My other three criteria are met, too. Each pattern stitch has texture, either in the form of welts, gentle pleats, or pockets to trap the air, allowing one to use a lighter weight yarn without sacrificing warmth. Each set of instructions is short and easy to commit to memory. The finished scarves are attractive and definitely out of the ordinary.
For each pattern stitch, you will need two yarns (identified as A & B.) When you work these patterns, you will be knitting with one yarn per row. The other yarn is left along one edge, where is can be picked up when it is needed next.
As for what yarn to use, anything goes so long as both yarns are the same weight. For a bold look, use two strongly contrasting colors; a sophisticated, elegant look is created by using shades of the same color. It's equally fun to mix textures. Try a "smooth" yarn (silk, merino or alpaca, for example) with a "hairy" yarn (mohair or angora). A boucle or chenille might work well as one of the yarns, too.
Lastly, there is one term used in the instructions which may be unfamiliar. "Slide" means to slide the stitches to the opposite end of the circular or double-pointed needle because this is where you will find the desired yarn for the next row. Because of the construction technique requiring the need to both turn and slide the work on various rows, each of these patterns are most easily knit on dp or circular needles.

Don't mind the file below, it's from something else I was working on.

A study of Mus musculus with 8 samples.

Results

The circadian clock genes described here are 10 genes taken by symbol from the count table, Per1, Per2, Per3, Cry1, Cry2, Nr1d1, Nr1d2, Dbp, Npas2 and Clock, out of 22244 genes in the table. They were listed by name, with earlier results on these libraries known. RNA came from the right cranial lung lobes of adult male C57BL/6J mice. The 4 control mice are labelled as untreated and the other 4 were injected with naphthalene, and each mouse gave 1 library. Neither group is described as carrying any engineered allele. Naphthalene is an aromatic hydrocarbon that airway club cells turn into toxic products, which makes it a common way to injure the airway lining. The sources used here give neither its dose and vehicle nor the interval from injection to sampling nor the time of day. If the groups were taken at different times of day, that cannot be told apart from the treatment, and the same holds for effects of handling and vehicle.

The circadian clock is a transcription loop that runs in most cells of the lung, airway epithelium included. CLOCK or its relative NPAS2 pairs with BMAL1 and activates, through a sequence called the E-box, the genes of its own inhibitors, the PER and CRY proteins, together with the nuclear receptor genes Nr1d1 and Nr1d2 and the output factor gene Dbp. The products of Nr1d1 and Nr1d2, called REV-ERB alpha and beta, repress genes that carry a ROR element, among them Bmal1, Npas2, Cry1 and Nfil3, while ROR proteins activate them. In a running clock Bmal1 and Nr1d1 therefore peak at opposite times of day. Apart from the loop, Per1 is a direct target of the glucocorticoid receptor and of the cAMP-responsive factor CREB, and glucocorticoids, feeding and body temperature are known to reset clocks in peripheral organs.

Cast on with A, slide. Row 1: With B -- Knit. Turn. Row 2: With B -- Knit. Slide. Row 3& 4: With A -- Rep Rows 1 & 2. Rep Rows 1-4.
Cast on with A, slide. Row 1: With B -- K1, * sl 1 wyif, k5; rep from * to last st, k1. Turn. Row 2: With B -- P1, * sl 1 wyib, p5; rep from * to last st, p1. Slide. Row 3: With A -- K4, * sl 1 wyif, k5; rep from * to last 4 sts, k4. Turn. Row 4: With A -- P4, * sl 1 wyib, p5; rep from * to last 4 sts, p4. Slide. Rep Rows 1-4.
Cast on with A, slide. Be sure to keep the first stitch of each row loose. Row 1: With B -- K3, * sl 1 wyib letting extra wrap drop (there will be no extra wrap in the very first row), k3; rep from *. Turn. Row 2: With B -- P1, p1 wrapping the yarn twice around needle instead of once (double wrap), p1 * sl 1 wyif, p1, p1 with double wrap, p1; rep from *. Slide. Row 3: With A -- K1, * sl 1 wyib letting extra wrap drop, k3; rep from *, ending k1. Turn. Row 4: With A -- P1, sl 1 wyif, p1, * p1 with double wrap, p1, sl 1 wyif, p1; rep from *. Slide. Repeat Rows 1-4. Note: This is a "thermal" stitch with built-in air pockets. The key to this stitch is to use large needles, much larger than you would normally use for the given yarn you've selected. I'd recommend US size 9 for sport weight yarns, 10 or DK weight, and 11 for worsted weight. Strive for a loose look which will allow the boxes to open after a little stretching during blocking. You can use a triple wrap in rows 2 & 4 to further "open" the boxes, too.This series on reversible scarves will conclude with a pattern for a self-fringing reversible scarf in Part 3.